There were suspicions of a fix in the draws for both the 2007 and 2008 European Champions League quarter-finals. Here we consider the probabilities involved.


The 2007 Draw

In March 2007 three English teams made it through to the quarter-finals of the European Champions League. There was a rumour going around before the draw was made that the draw would be fixed to ensure the English clubs would avoid each other in the draw. Given the very public, and apparently random, nature of the draw this rumour was highly questionable. Nevertheless, the English teams were duly drawn apart from each other. Assuming the draw was truly random (and it really is highly unlikely not to have been) what was the probability that this would happen?

The probability is 4/7 - that's better than one in two and so not really much of a coincidence.

Here is why:

The probability that any chosen English team is drawn against a non-English team is 5/7 because 5 out of the other 7 teams are non-English.

Now, given that the first chosen English team has drawn a non-English team, there are 2 English teams left and 4 non-English. So the probability that a chosen one of the 2 English teams draws a non-English team is 4/5.

That leaves 1 English team and 3 non-English teams, so the remaining English team is certain to play a non-English team

So the probability that no English team is drawn against another is:

5/7 x 4/5 = 4/7

Here is an animation (it is a wmv file):

cup draw

An alternative way to solve this, that considers all permutations of the draw, appears at the bottom of the page.


The 2008 draw

In March 2008 FOUR English teams made it through to the quarter-finals of the European Champions League. Although this time, as we will see below, the issue of whether the draw was fixed was not about the English teams being drawn apart, it is interesting to ask what was the probability this time that none of the four teams would be drawn against eachother? The answer  is 8/35 - that's a much small chance than the previous year.

We can use the same approach to explain the answer:

The probability that any chosen English team is drawn against a non-English team is 4/7 because 4 out of the other 7 teams are non-English.

Now, given that the first chosen English team has drawn a non-English team, there are 3 English teams left and 3 non-English. So the probability that any chosen remaining English team draws a non-English team is 3/5.

That leaves 2 English teams and 2 non-English teams. The probability that a chosen one of the English teams draw a non-English team is 2/3.

That leaves 1 English team and 1 non-English who must of course be drawn against eachother.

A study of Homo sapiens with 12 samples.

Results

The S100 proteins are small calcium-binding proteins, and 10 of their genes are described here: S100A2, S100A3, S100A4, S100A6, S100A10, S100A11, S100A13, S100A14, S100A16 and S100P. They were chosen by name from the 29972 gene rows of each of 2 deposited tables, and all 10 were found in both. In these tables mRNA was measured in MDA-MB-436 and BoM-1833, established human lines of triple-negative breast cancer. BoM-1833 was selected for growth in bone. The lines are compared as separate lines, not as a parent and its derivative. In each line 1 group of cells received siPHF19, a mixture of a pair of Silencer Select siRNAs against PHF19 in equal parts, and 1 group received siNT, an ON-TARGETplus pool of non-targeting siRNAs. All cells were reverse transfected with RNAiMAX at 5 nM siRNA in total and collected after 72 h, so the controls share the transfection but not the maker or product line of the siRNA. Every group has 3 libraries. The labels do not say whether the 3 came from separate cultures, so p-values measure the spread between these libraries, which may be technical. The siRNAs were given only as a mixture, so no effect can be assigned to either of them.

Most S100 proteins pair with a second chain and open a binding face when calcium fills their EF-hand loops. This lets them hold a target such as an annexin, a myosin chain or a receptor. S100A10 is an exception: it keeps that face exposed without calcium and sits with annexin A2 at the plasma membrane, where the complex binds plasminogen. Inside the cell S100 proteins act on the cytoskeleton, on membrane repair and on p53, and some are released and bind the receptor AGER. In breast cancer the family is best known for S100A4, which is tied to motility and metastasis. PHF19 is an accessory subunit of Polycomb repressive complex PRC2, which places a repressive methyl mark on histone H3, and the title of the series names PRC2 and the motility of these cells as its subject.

So the probability that no English team is drawn against another is:

4/7 x 3/5 x 2/3 = 8/35

In the event two of the English teams were drawn against eachother. But the fix story was the following (this is taken from the Daily Telgraph on 14 march 2008):

A post left on a newspaper's internet forum at 10.28am this morning, 90 minutes before the draw took place in Nyon, Switzerland, correctly predicted the entire quarter-final draw.
    
The poster claimed bookmakers were no longer willing to accept bets on the draw, although it is understood that most were not running books on it anyway.

When all four ties predicted in the post came to fruition it caused fevered internet speculation that some sort of manipulation might have taken place.

But a Uefa spokesman said: "It is just a lucky guess."

Assuming it was just a lucky guess, what was the probability? The answer is 1/105 (although several newspapers got the figure wrong, with odds of 191 to 1 and 27 to 1 being wrongly claimed). It is easy to see that there are 105 different ways in which 8 teams can be drawn against each other. As in the above calculation:
So that makes 7 times 5 times 3 combinations which is 105.
So the probability of correctly guessing all four ties is 1 in 105 (which using the 'odds' definition of probability is 104 to 1 as explained here).


Alternative solution to the 2007 problem

In a quarter final there are 8 teams, call them teams A, B, C, D, E, F, G, H of whom 3 are English. We may as well assume teams A, B and C are English.

Now think of the total number of ways (i.e. permuations) in which the draw can be made. There are 8! (8 x 7 x 6...x 2 x 1) because there are 8 ways to draw the first team, then 7 to draw the second etc.

The question then reduces to asking how many of those permutations result in a match between two English teams. To answer this think about the first match drawn (i.e. positions 1 and 2 of the permutation). There are 6 ways the first match can involve two English teams, namely

A, B (meaning A drawn first B drawn second)
B, A
A, C
C, A
B, C
C, B

For EACH of those permutations there are 6! permuations of the resulting 6 positions. So there are 6 x 6! ways that two English teams could be drawn together as the FIRST match.

But, in addition to the first match (i.e. positions 1 and 2) the English teams could also be drawn against each other in 3 other matches, namely matches (3,4) (5,6), and (7,8). So we need to multiply by FOUR, i.e. there are  4 x 6 x 6! ways that two English teams can be drawn together.

Hence the probability of two English teams drawn together is:

(4 x 6 x 6!) / 8!  =  (4 x 6) / (7 x 8) = 6/14  = 3/7

and so the probability of no two English teams being drawn together is one minus that number, which is 4/7.